Small Business Income

What assessable income should I report?

In a rapidly evolving economy, it is easy to get confused about what to report as small business income. As a small business owner busy with the day-to-day running of your business, this uncertainty can cause immense stress. Nonetheless, it is important to accurately report income to ensure that you are meeting your tax obligations and maximising your tax offsets and expense claims. A small business tax accountant can provide you with the expertise needed to accurately report assessable income, but having a broad knowledge of what constitutes income can be helpful.

Broadly, small business income can come from the day-to-day activities of the business:

  • Electronic and cash payments for goods and services, including online sales
  • Payments made with coupons and vouchers
  • Tips and gratuities (cash or electronic)
  • Commissions
  • Royalties
  • Barter transactions (i.e. receiving something other than money in exchange for goods and services)
  • Foreign income if you are an Australian resident
  • Some income from the ride-sourcing and sharing economy (depending on circumstance)

Income can also come from other activities that are not part of the day-to-day activities of the business:

  • Prizes and awards received by your business
  • Income from investments (e.g. dividends, franking credits) and business bank account interest
  • Business-related capital gains (e.g. from disposal of an asset via sale, gift, transfer, destruction)
  • Sale of non-trading stock assets (e.g. buildings, land, equipment, furniture)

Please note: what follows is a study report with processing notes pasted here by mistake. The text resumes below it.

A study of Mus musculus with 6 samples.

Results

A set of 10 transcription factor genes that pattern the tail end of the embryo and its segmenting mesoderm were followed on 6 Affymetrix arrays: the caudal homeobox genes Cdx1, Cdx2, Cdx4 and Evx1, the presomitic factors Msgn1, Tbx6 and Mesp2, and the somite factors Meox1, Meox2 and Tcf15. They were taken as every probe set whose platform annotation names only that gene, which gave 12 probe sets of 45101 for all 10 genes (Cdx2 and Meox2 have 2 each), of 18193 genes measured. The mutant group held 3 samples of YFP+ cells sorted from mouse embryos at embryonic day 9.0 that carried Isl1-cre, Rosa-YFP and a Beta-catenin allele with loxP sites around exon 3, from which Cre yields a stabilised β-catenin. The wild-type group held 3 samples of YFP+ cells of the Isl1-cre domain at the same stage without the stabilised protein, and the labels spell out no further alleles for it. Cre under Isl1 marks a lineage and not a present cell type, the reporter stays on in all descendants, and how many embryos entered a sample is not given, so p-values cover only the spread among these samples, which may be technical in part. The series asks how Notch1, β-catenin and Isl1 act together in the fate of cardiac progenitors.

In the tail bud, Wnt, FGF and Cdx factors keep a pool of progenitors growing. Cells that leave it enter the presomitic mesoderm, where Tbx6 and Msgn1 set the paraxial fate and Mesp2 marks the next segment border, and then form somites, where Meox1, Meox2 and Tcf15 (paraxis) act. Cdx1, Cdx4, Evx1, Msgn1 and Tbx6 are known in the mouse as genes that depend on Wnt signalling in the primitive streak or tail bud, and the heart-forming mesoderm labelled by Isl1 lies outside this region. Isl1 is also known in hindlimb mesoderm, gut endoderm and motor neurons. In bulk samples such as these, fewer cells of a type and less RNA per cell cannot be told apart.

• Business-related compensation payments and insurance claims, such as workers compensation, or payments for trading stock losses, business interruptions or contract cancellations
  • Rental income from property owned by your business
  • Assessable government payments (e.g. credits, grants, rebates, subsidies)
  • Bad debt recoveries for which you have received a tax deduction
  • Some or all income from crowd funding (depending on the circumstance)
  • Isolated transactions intended to make a profit

What assessable income should I exclude?

Some payments don’t need to be included as assessable income:

  • Collected Goods and Services Tax (GST)
  • Income earned through a hobby
  • Gifts or inheritance
  • Prizes and awards not related to your business
  • Borrowed money or money you contributed as a business owner
  • Some disaster recovery grants
  • If your business is operated as a company or trust, sale of your business shares or interest in the trust should be reported as personal assessable income
  • When more than 50% of the amount received by the business for a contract was for your labour, skills or expertise, this personal services income (PSI) should be reported in your personal tax return.

It is not always clear when income should be reported as part of a business or personal tax return. Unfortunately, the consequences of reporting incorrectly can be costly, not only to your business, but to you personally. Therefore, it is important to engage the services of a small business tax agent to help you with your tax returns.

FC Accounting offers a personalised and expert service to ensure the financial security of your small business. We are dedicated to supporting businesses on the North Shore and beyond with accounting packages, business advice, and specialised accounting, taxation and bookkeeping services.

Contact FC Accounting today to discuss your small business tax needs!